Giving Compass' Take:
- Emily Pontecorvo explains that as coal plants are phased out, a plan is needed to help communities transition to survive and thrive after the change.
- What role can you play in helping impacted communities successfully transition?
- Learn how wind farms can bring middle-class jobs to poor rural areas.
What is Giving Compass?
We connect donors to learning resources and ways to support community-led solutions. Learn more about us.
Here are two tales of the energy transition unfolding in coal country, USA.
In late 2019, Pacificorp, an electric utility that operates in six Western states, told Wyoming regulators it wanted to shut down several of its coal-fired power plants early and replace them with wind and solar power and battery storage. It said this plan would save customers hundreds of millions of dollars on their electric bills and promised to work with local leaders on transition plans for workers and communities affected by the closures.
Wyoming, a state whose economy relies significantly on coal mining and coal power, went on the defensive. State lawmakers had already passed a law requiring coal plant owners to search for a buyer before being allowed to close a plant. Now, with support from the governor, regulators ordered an unprecedented investigation to scrutinize Pacificorp’s analysis and conclusions. Ultimately they determined the plan was deficient — that the company had not adequately considered allowing the coal plants to stay open or installing technology to capture the plants’ carbon emissions.
One rectangle down on the U.S. map, in Colorado, 2019 was the year a new state law passed to reduce greenhouse gas emissions 90 percent by 2050. In parallel, Colorado established an Office of Just Transition to help the workers and communities affected by now-inevitable coal mine and power plant closures. To comply with that timeline, the state’s two largest electric utilities recently submitted plans, not unlike Pacificorp’s, to retire several coal plants early and replace them with renewables and batteries.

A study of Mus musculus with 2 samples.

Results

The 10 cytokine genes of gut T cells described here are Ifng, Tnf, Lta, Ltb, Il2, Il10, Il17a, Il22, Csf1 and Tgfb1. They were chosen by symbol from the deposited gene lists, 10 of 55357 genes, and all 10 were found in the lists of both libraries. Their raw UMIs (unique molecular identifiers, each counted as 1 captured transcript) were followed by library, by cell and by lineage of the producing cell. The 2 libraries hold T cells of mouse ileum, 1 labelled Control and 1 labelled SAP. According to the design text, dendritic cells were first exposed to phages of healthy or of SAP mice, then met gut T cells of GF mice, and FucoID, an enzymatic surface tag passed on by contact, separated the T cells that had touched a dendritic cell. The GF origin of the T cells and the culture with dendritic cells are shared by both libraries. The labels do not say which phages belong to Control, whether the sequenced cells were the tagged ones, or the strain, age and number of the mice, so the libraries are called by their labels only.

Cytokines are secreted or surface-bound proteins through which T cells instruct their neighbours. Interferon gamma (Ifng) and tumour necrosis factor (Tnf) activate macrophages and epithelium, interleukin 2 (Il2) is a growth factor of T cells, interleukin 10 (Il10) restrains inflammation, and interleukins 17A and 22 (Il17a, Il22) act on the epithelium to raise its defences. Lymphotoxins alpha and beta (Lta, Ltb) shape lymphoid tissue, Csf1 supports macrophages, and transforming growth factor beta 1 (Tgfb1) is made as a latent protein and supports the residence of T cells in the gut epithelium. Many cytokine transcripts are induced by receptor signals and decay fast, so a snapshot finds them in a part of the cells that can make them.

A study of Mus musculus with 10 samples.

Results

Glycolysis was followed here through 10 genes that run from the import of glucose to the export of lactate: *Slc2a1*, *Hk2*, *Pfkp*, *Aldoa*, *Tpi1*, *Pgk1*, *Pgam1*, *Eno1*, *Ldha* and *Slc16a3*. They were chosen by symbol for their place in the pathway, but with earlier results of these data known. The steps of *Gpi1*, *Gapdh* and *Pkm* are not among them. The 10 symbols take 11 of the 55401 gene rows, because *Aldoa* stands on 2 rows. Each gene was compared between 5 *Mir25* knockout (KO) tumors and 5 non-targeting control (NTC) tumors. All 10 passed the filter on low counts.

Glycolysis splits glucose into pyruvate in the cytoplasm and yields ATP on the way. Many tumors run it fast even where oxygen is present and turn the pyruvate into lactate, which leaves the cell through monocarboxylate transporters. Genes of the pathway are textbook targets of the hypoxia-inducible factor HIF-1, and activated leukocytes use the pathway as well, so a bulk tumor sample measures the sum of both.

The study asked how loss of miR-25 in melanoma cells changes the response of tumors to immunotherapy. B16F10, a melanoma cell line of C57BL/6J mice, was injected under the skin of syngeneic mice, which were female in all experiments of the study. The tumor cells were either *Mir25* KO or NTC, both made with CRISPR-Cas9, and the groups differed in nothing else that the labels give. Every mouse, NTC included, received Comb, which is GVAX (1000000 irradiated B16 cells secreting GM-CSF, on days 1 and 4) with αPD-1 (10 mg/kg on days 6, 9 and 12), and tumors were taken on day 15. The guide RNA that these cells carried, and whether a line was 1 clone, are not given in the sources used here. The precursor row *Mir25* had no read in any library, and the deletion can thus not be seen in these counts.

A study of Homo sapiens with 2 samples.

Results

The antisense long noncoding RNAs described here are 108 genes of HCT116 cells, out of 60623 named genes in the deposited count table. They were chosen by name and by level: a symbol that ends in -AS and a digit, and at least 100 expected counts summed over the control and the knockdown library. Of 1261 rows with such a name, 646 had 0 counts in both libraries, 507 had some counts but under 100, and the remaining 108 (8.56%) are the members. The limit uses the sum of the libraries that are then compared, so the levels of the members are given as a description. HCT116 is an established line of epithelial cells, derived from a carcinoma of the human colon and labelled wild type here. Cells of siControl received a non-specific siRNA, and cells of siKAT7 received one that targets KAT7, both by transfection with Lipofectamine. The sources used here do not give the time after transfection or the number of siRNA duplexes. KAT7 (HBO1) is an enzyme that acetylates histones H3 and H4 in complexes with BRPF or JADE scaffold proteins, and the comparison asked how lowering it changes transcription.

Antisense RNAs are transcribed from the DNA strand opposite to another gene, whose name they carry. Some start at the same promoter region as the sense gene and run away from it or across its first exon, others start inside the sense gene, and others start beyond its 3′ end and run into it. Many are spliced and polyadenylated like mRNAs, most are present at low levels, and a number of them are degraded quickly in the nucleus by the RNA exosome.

While Colorado regulators have not yet approved the plans, they’ll likely be concerned with whether the utilities will phase out coal fast enough. Meanwhile, the Office of Just Transition has released a plan to help coal communities adapt to the looming changes in their economies and has already begun outreach efforts.
These two examples represent a larger trend in the West: While policies and proposals in some states (like Colorado, New Mexico, and Arizona) acknowledge the writing on the wall for the coal industry, others (like Wyoming and, to a lesser extent, Montana) are protecting it for dear life. A new study by researchers at Montana State University examines this chasm and connects it to the absence of cohesive national energy transition policy.
Read the full article about communities impacted by coal plant closures by Emily Pontecorvo at Grist.